Island in the West Indies, now constituting a French colony. In the beginning of the seventeenth century a number of Dutch Jews settled at Martinique and in the neighboring islands, and were in very prosperous circumstances when France took possession of the island in 1635. But in 1658 the Jesuits, jealous of the commercial supremacy of the Jews, induced the sovereign council of Martinique to issue an edict forbidding Jewish commerce in the islands. At the instance, however, of the home authorities the council revoked this decision, which menaced the interests of the colony, and consented to restore the Jews to their commercial rights.
This freedom was of short duration. In 1664 Governor-General Tracy was induced by the Jesuits to issue a decree forbidding "persons of the Jewish nation to buy or sell on the Sabbath-day [Sunday] . . . on pain of a fine of 300 pounds of petun, of which one-third shall go to the church, one-third to the poor, and one-third to the informer." The Jews thereupon appealed to the new governor, Baas, who restored to them the free exercise of trade and commerce. Their enemies then approached the governor, who, yielding to their importunities, forbade (1669) Jews "to perform on Saturday any ceremonies relating to their faith, . . . to work on Sunday, or to appear in public from Maundy Thursday to Easter Sunday." But, like his predecessor, Baas soon perceived the importance of Jewish commerce and industry and sent Colbert a report favorable to the Jews, requesting certain privileges for them, especially that of the free exercise of their religion. Colbert pleaded the cause of the Jews so well before the king that on May 23, 1671, Louis XIV. decreed that the Jews of Martinique should thenceforth enjoy not only religious liberty but also the same privileges as the other inhabitants. During the life of Colbert all hostile schemes against the Jews failed, despite the powerful support which their enemies found in Count de Blénac, who had succeeded Baas as governor. But with Colbert's death they lost their protector, and the governor, yielding to the Jesuits, on Sept. 24, 1683, during a visit to France, obtained from Louis XIV. an edict banishing the Jews from Martinique. This order, evidently, was not put into execution at once, since two years later a new decree was issued, known as the "Code Noir," which obliged the Jews to leave the island within three months. No exceptions were to be made, not even in favor of Benjamin d'Acosta, who had introduced the cultivation of the sugarcane in the island. In 1694 six Jewish families went to Martinique, but were at once expelled.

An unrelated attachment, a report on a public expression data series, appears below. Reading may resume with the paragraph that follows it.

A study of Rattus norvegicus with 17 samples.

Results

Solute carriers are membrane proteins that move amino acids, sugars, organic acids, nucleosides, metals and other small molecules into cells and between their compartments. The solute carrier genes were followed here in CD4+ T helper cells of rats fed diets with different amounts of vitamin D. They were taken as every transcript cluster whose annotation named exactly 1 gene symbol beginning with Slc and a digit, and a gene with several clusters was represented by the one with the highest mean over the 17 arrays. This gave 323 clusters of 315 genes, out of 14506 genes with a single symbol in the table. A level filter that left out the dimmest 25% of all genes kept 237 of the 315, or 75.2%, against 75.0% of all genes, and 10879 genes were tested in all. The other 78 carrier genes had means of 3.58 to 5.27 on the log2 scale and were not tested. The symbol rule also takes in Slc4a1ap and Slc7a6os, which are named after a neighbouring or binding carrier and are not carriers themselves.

In the first half of the eighteenth century some Jews obtained permission to live in the colony. Laws were passed granting them a degree of legal existence, and the "Code Noir" was declared to apply only to foreign Jews. In 1722 David Gradis of Bordeaux established an office at St. Pierre. In 1764 Count d Estaing imposed a tax upon the Jews, who were then numerous in Martinique, some residing there under the protection of "naturalization papers" and others being merely tolerated. Wishing to have their position clearly defined, they appealed to their coreligionists of Bordeaux, with whom they were in family and business relations, to request Louis XVI. to extend to colonial Jews the privileges enjoyed by the Jews of Bordeaux. Jacob Rodrigues Pereire of Bordeaux took up the cause of the Jews of Martinique, and addressed an eloquent memorial to Minister Tartine, who, after investigating the matter for some months, declared against any change (1776). All subsequent attempts made to improve their condition were equally unsuccessful, and they continued to live under a régime of bare toleration down to 1789, when the French Revolution removed their disabilities.
- Abbé Grégoire, Histoire des Sectes Religieuses, vol. iii.; book xi.;
- Moreau de Saint-Méry, Lois et Constitutions des Colonies Françaises d'Amérique sous le Vent, vols. i. and ii., passim, Paris, 1787;
- R. E. J. ii. 93, iv. 133, v. 80;
- Théophile Malvezin, Histoire des Juifs à Bordeaux, pp. 241-243.